It's official. The surplus has been delayed for a year.

Finance Minister Bill English confirmed yesterday that the first surplus the country can expect since 2008 has been adjusted to 2015-16, not the current year.

It was evident in the half-yearly opening of the books in December that the rosy forecast in last year's Budget of a $372 million surplus was heading south to a $570 million deficit and that the first surplus would be in 2015-16 of $565 million.

"It's fair to say that both of those forecasts have deteriorated since the half-year update," said Mr English in Wellington.


He likened it to setting a goal of losing 10kg and losing only 9.8kg.

He also said it was like having an income of $73,000 and the difference at the end of the year of having $200 left over or minus $500.

But Labour finance spokesman Grant Robertson said failure to get to surplus this year was the biggest broken election promise ever, one that National had campaigned on for two elections.

"Surplus this year was the litmus test National set itself to show it was a good economic manager. They have failed their own test," he said.

It would not be seven deficits in seven years.

"Not only is this year's surplus a dead duck, the surplus for next year is beginning to look under threat."

Mr English revealed that GDP growth over the next four years would be $15 billion less than forecast a year ago and that the Treasury expects that revenue would be $4.5 billion less over four years than it forecast a year ago.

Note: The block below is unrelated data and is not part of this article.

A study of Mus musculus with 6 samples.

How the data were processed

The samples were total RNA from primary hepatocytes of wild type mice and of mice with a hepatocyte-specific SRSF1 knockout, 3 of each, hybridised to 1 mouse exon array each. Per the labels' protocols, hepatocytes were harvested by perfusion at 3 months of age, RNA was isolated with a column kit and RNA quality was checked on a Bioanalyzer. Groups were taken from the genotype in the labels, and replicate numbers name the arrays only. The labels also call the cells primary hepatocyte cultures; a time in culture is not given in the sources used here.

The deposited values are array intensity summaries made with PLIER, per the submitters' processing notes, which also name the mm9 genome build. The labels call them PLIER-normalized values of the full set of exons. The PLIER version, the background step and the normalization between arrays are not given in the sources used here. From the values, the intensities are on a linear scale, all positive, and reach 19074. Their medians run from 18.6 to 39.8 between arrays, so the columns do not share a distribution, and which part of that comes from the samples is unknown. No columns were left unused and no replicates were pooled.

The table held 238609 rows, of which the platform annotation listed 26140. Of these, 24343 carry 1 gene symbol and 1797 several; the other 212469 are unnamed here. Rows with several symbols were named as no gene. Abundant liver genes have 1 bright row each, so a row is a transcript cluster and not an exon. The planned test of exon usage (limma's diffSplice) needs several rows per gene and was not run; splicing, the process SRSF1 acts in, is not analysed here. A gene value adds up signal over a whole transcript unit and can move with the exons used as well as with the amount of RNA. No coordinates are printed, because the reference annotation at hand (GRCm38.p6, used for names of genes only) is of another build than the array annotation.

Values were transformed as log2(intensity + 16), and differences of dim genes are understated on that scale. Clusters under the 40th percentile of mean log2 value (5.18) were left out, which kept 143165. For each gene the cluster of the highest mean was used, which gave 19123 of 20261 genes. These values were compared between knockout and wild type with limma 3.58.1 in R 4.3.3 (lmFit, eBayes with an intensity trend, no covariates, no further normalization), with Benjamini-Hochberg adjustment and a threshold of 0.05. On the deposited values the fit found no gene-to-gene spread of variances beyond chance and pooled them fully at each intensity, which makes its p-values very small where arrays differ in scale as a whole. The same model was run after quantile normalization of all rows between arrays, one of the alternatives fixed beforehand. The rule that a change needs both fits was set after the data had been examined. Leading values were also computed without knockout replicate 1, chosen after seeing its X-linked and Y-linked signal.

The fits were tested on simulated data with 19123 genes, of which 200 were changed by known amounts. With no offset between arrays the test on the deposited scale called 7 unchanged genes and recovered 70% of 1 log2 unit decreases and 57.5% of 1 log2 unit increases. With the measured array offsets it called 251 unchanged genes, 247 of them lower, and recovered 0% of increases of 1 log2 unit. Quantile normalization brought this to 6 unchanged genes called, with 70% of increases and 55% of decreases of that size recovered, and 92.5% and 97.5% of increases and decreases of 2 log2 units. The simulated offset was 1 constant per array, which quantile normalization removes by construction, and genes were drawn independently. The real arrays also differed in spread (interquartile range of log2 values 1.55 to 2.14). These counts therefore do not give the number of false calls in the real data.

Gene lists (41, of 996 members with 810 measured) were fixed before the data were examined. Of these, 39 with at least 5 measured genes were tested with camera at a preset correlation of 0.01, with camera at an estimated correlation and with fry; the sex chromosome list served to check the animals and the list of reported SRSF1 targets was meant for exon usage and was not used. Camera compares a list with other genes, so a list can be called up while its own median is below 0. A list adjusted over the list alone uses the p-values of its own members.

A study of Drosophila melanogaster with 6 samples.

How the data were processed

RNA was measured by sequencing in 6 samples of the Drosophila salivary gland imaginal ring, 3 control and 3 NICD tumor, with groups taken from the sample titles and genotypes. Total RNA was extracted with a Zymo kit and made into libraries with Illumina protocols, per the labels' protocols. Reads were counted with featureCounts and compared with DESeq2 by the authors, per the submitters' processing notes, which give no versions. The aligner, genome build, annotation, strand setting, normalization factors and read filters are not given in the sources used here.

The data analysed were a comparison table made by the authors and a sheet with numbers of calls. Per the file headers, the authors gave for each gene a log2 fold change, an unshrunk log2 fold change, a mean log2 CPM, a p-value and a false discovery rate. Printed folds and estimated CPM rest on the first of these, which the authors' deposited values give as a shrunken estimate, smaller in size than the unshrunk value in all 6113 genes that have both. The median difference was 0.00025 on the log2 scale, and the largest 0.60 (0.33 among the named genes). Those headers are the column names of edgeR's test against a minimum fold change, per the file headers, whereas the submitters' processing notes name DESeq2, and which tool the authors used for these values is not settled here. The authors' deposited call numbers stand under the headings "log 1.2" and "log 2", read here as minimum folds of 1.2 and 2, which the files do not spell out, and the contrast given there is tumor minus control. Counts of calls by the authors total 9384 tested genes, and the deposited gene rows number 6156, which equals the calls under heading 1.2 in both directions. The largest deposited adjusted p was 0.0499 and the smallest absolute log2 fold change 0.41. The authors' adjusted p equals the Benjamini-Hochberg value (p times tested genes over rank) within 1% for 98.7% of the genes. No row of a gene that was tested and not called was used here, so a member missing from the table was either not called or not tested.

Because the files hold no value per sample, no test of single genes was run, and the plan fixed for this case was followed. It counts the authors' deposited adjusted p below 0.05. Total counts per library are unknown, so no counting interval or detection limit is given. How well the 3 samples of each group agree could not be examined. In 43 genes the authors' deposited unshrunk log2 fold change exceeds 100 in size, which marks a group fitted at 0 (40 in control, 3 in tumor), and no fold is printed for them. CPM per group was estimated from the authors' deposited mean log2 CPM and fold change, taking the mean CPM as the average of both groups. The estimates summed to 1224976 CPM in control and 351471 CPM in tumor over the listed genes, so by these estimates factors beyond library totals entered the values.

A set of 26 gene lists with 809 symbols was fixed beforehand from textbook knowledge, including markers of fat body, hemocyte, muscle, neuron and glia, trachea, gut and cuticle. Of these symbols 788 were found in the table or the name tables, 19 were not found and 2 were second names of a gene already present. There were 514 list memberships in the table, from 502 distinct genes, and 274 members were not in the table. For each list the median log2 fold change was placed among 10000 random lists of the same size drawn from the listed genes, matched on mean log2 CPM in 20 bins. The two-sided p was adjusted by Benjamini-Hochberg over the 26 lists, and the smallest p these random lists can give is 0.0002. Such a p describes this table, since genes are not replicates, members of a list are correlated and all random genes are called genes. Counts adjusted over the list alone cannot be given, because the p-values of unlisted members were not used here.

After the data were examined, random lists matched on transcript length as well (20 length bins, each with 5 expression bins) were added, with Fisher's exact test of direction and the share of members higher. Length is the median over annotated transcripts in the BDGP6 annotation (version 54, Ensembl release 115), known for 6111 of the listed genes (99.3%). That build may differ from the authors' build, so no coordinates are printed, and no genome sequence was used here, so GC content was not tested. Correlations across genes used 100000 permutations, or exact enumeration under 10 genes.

After the December update showed the forecasts deteriorating, the Government could have cut expenditure to get to surplus but Mr English said it would be changing its approach.

"We will not be pursuing cuts in service or income support in a knee-jerk response to lower tax revenue," he said.

"We won't change that approach just to turn a small forecast deficit into a small forecast surplus. Other things matter more."

While Mr English has confirmed the books will show a deficit for the current year, it is still possible the Government could achieve a surplus when the income and expenditure for the year to June is tallied up and published in October, because actual revenue often varies from forecast revenue.

But if it happened it would be a fluke, not a plan.